I hadn’t even heard of Sudeley Castle until we started researching places to go for our first day out in Bodhi Bongo. We wanted somewhere not too far. A place that my Mother in Law would also enjoy. Somewhere we could have a wander round before making tea and cooking bacon sandwiches in the campervan.
Remembering my Gardeners World 2-4-1 card which I hadn’t yet used this year (last year we visited Wollerton Hall gardens using the card) I came across Sudeley; just over an hour drive away in the Cotswold village of Winchcombe, with lots of associated Tudor history. It looked perfect for our inaugural voyage!
What a place!
Entry to the castle is down a long winding driveway to the main car park. From here the castle isn’t visible; enter through the gift shop then take the wild winding path down to the ruins of the old 15th century banqueting hall. You could be forgiven for thinking you’ve wandered off the beaten path; it’s very informal – almost like you’re trespassing!
A cross between a museum and a stately home
Sudeley charts some of it’s 1000 year history through exhibitions, short films and original artefacts, while also opening a handful of rooms lived in by the owners when they’re in residence.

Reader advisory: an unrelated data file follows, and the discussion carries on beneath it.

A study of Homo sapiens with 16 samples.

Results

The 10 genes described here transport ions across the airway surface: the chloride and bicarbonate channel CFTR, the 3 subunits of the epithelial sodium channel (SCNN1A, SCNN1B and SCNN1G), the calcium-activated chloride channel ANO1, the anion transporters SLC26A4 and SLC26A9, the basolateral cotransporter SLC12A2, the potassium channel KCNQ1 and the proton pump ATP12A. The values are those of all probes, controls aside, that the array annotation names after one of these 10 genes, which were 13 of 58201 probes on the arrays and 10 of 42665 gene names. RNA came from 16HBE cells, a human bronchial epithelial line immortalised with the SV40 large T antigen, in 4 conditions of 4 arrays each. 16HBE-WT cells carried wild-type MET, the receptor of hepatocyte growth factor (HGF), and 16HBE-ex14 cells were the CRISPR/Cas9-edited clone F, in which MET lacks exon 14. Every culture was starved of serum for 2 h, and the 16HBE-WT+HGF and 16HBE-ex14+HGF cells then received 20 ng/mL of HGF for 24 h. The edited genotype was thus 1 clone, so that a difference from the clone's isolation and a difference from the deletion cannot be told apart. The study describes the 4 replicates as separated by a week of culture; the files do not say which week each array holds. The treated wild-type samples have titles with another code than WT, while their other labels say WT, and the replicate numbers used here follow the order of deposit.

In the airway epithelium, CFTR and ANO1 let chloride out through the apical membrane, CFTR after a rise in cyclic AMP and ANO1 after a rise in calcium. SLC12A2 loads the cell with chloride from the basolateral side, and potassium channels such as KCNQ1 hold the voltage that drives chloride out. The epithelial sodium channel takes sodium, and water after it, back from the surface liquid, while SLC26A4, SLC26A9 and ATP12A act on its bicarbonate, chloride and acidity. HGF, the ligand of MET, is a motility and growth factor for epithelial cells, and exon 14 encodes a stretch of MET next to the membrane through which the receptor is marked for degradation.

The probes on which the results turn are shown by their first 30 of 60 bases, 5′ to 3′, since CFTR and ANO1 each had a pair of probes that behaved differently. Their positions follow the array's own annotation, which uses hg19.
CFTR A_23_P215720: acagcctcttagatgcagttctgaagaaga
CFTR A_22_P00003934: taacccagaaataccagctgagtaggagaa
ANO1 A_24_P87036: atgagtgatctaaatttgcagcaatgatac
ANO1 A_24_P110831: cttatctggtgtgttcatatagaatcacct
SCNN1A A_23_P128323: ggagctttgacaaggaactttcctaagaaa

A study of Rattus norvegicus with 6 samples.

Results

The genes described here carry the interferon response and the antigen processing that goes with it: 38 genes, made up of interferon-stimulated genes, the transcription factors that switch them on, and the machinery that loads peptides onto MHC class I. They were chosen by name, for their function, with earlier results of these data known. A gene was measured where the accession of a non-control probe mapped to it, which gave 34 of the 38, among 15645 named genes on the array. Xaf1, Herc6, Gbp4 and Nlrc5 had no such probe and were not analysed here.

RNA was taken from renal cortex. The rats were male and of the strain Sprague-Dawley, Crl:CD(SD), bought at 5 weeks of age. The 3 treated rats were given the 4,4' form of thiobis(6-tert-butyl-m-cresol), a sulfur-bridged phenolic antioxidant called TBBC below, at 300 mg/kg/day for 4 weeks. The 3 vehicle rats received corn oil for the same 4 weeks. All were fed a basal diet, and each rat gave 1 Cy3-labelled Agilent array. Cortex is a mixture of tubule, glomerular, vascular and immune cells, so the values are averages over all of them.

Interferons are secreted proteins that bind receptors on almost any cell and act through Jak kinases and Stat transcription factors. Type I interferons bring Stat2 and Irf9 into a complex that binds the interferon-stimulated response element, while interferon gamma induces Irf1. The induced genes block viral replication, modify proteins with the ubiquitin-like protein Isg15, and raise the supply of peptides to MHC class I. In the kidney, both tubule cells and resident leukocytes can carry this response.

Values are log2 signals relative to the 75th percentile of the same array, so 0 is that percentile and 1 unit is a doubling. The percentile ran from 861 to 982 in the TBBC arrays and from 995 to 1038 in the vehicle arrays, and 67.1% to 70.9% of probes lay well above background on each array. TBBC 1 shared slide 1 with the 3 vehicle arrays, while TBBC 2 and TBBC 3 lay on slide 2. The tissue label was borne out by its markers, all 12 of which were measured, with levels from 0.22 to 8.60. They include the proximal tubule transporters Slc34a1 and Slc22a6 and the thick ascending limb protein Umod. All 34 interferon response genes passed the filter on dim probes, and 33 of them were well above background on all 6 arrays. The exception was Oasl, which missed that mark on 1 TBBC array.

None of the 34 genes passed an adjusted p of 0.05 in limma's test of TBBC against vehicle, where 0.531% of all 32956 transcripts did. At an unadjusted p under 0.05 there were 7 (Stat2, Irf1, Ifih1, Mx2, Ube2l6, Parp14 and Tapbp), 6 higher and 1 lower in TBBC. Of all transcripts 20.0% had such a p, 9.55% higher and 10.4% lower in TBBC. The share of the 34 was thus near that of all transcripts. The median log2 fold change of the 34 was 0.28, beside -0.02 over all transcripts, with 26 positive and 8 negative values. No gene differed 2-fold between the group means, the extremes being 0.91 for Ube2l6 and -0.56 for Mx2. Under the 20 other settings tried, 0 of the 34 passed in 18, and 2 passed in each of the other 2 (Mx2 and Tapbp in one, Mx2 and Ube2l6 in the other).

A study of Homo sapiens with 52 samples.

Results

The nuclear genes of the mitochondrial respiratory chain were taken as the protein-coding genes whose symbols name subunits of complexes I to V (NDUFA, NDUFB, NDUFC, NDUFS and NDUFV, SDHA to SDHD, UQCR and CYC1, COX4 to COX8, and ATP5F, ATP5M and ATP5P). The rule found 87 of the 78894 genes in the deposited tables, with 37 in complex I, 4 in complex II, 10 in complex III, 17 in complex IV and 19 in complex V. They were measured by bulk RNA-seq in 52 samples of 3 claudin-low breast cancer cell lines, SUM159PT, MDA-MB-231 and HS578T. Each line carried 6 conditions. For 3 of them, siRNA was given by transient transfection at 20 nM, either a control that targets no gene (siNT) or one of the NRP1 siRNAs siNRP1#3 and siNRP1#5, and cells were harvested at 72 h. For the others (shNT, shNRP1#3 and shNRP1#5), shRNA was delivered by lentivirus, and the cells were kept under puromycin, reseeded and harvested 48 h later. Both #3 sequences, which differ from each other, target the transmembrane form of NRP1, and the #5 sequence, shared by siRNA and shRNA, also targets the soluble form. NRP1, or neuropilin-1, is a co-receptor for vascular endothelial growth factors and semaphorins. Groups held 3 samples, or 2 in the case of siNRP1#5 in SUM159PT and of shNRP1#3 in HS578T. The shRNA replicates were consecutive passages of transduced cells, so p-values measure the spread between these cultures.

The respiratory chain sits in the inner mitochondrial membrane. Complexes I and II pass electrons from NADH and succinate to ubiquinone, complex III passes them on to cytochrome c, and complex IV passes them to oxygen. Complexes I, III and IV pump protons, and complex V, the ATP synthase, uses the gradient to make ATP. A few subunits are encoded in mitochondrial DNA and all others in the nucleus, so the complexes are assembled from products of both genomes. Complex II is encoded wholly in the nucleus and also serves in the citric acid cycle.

Elizabeth I’s christening gown hangs in one of the exhibition rooms, as does a waistcoat belonging to Charles I (he took refuge in the castle during the civil war).
In another room is an ornately carved wooden bed, adorned with bed covers made for and slept in by Marie Antoinette.
The artefacts and storyline of the history of the castle, like everything, is wonderfully done but largely informal; making it a pleasure to just wander and soak in everything this gem has to offer.
Sudeley is also famed for being the only private castle in England to have a queen buried within the grounds. The tomb of Katherine Parr – final and surviving wife of Henry VIII – is situated in St Mary’s Church within the castle grounds. This was not her original burial place; her body was discovered some 200 years after her death and reinterred within the church in the late 1700s.
The whole of the castle is surrounded by beautifully tended gardens, including the Elizabethan Knot garden. The Secret Garden is accessed through an archway in a hedge to the side of St Mary’s Church. Being October the gardens obviously weren’t in full flower, but still very lovely to wander around.
Wander at will
One of the things we found very surprising, and refreshing, about Sudeley Castle and the grounds was the feeling of openness. There were no designated paths to follow. No arrows telling you in which direction to walk around the building or, signs telling you to keep off the grass. It felt like everywhere was accessible and welcoming; like the owners really want visitors to be there, to immerse themselves, and to enjoy Sudeley in their own way.
Sudeley Castle is a truly wonderful place; beautiful, well looked after, true to its history, educational, informative and a joy to visit. Do go there if you can!
Thanks, as always, for reading. x
2 thoughts on “Days out: Sudeley Castle”
I love days out like this!
Me too. Deffo going to do more of them this year.